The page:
One strategy that abusive people employ in psychologically abusing and manipulating their victim, is to claim the victim is being abusive towards them. There is a certain point at which the victim might break, and lash out at the abuser.
They’ve continually been convinced that they constantly overreact, that there is nothing to react to, and so the victim endures it passively, staying unable to acknowledge their pain and abuse.
Going through a longer period of abuse can make victims snap at the abuser. They often scream, insult and sometimes physically attack. And the abuser reacts to this by claiming such an outburst is “evidence” of their instability, and that it is they who are the abusers. They hold it against the victim for as long and hard as they can, and they refuse to discuss the situation.
They’re uninterested in listening to you because that outburst is all the proof they’ll need of your “emotional instability”. And in reality, it is indeed the victim who is suffering, but is too afraid to bring it up, and perhaps even unaware their abuse.
The abuser manipulates the situation to his own advantage, making themselves out to be the victim. This is enough to make the victim believe they are the abuser, and that they really do have a violent temper, eventually leading them to identify themselves as such, and maybe even start seeking out help for it.
And if it happens that the victim manages to get away from the abuser, it’s very likely that they stand no chance against the rumors the abuser might launch, especially because the victim believes they’re true.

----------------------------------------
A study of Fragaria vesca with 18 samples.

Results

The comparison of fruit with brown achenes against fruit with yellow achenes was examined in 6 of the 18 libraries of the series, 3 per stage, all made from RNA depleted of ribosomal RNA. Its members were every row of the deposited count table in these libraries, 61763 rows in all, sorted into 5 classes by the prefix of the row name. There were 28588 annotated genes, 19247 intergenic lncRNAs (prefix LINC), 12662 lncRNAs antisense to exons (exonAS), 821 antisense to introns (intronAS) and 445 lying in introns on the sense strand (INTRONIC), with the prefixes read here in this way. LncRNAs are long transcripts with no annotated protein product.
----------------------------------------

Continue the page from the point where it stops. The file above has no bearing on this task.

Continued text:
However inappropriate a reaction an emotional outburst might be, it’s still undeserving of a violent recoil. It’s important to recognize the motives behind it and to differentiate between this kind of reaction and the abuse that causes it.
The term “Reactive abuse” might be a bit harsh, as it implies considerable violence that causes the victim mental and physical harm. “Reactive abuse” doesn’t actually hurt the abuser it’s aimed at, but is instead exactly the outcome the real abuser want to increase their sense of self-worth and power over the victim.
A good way to recognize a victim who’s had a reaction, from an abuser who’s manipulating, is to observe the attitudes towards their actions. Victims will almost always be willing to admit their mistakes, and this quality is what the abuser uses against them, to convince them they’re at fault.
A part of the healing process is to correctly differentiate the different abusive behaviors, and to still acknowledge that the reaction was unnecessary. After all, we’re all subject to react badly when under pressure of abuse.
Abusers, on the other hand, will never admit they’ve done anything wrong. They always shift the blame, and use every tiny mistake against the victim, even though they never sit down and discuss it.
The most dangerous, intelligent psychologically abusive people might even have the ability to fake admitting their mistakes. But, even then it’s quite obvious, since every insincere apology is followed by a clam of the victims fault after all.